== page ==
2019 Stetten Lecture

Scalable Platforms for Generating RNA Sensors and Controllers

Christina Dawn Smolke, Ph.D.

Professor, Department of Bioengineering
and, by courtesy, of Chemical Engineering
Stanford University

National Institutes of Health
Bethesda, Maryland
Start Date:
10/23/2019 3:00 PM
End Date:
10/23/2019 4:00 PM
Headshot of Christina Smolke, Ph.D. 


Whether animals are looking for food or mates, or avoiding pathogens and predators, they rely on biosensors—molecules that allow animals to sense and respond to their environments. Creating new kinds of biosensors to receive, process, and transmit molecular information is the focus of Christina Dawn Smolke’s research. Smolke provides innovative approaches to designing biomolecules that have applications in diagnostics, drug development, green chemistry, and more. Her lab has created RNA molecules, or switches, that can detect the disease state of a cell and are being further developed for targeted drug delivery. However, despite these successes, current means for designing biomolecules remain inefficient and laborious.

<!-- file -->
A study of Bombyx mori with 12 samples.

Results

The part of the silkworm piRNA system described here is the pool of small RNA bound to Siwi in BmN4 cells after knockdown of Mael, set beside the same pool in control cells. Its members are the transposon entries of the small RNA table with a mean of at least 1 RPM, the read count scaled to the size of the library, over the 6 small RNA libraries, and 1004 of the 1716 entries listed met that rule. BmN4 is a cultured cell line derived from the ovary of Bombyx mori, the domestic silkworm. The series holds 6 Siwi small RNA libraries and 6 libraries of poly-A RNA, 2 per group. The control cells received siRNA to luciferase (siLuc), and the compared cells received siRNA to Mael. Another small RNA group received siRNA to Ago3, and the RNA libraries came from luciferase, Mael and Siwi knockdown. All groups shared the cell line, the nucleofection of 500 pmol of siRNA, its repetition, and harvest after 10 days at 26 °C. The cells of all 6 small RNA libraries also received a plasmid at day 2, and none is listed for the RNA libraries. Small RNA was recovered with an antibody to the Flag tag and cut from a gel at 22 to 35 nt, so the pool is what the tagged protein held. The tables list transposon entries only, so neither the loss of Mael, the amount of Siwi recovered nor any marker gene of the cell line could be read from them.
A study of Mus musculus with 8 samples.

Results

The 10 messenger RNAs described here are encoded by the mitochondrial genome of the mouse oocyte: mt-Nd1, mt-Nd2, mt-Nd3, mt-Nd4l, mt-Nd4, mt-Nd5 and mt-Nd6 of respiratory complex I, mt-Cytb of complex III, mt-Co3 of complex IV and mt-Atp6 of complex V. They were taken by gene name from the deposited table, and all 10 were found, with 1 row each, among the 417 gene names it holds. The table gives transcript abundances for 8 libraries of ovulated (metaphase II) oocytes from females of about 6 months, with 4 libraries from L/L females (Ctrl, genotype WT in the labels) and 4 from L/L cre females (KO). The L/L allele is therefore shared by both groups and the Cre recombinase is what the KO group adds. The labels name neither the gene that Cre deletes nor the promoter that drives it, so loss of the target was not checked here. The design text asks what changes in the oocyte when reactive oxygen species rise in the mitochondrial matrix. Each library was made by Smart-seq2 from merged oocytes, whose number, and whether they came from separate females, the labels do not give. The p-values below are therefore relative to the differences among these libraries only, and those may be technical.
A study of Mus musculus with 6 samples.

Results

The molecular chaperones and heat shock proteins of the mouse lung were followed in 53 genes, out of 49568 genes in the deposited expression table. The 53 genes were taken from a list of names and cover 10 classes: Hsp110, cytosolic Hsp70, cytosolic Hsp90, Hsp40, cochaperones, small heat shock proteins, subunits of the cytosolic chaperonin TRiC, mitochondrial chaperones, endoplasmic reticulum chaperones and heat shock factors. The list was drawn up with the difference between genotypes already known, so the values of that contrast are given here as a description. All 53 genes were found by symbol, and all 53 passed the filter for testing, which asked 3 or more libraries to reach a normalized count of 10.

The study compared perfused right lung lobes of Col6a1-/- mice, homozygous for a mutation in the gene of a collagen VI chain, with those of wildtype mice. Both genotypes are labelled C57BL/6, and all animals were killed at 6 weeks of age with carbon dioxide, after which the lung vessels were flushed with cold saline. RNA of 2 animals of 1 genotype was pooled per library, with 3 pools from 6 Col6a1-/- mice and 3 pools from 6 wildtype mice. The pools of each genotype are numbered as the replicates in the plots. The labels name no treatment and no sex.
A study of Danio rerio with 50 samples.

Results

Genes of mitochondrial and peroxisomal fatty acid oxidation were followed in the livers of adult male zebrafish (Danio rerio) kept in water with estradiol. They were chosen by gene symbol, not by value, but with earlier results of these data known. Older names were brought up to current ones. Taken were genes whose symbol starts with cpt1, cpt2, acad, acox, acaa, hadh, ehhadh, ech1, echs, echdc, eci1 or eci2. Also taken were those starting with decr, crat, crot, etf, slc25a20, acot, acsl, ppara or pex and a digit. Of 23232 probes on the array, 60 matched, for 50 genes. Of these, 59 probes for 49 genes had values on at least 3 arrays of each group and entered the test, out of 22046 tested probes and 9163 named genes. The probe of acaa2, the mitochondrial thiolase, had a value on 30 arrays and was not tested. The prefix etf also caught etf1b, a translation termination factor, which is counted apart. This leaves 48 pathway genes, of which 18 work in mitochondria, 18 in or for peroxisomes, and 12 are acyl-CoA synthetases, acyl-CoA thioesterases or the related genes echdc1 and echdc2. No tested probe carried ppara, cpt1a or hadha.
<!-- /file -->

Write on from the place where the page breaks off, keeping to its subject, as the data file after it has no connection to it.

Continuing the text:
To improve the design of biomolecules, Smolke is developing high-throughput methods to obtain information about the biochemical activity of millions of RNA switches in a single experiment. These data are used for producing new computational methods to predict the function of RNA molecules based on their sequence and structure. Smolke's work may accelerate our ability to rapidly design and build biomolecules for a variety of applications in medicine and environmental conservation.

Smolke received her Bachelor of Science in chemical engineering from the University of Southern California in 1997 and her doctorate in chemical engineering from the University of California (UC) Berkeley in 2001. She conducted postdoctoral research at UC Berkeley in cell biology in 2003. Smolke was named an Alfred P. Sloan Fellow in 2008 and received an NIH Director’s Pioneer Award in 2012. A member of the Wu Tsai Neurosciences Institute, she is currently a professor of research in bioengineering and chemical engineering at Stanford University; she has held the position of associate chair of education for Stanford Bioengineering since 2012.

NIGMS has supported Smolke’s work since 2002, when she was awarded an F32 fellowship (GM064953). She also has received NIH funding from the National Cancer Institute and the National Center for Complementary and Integrative Health.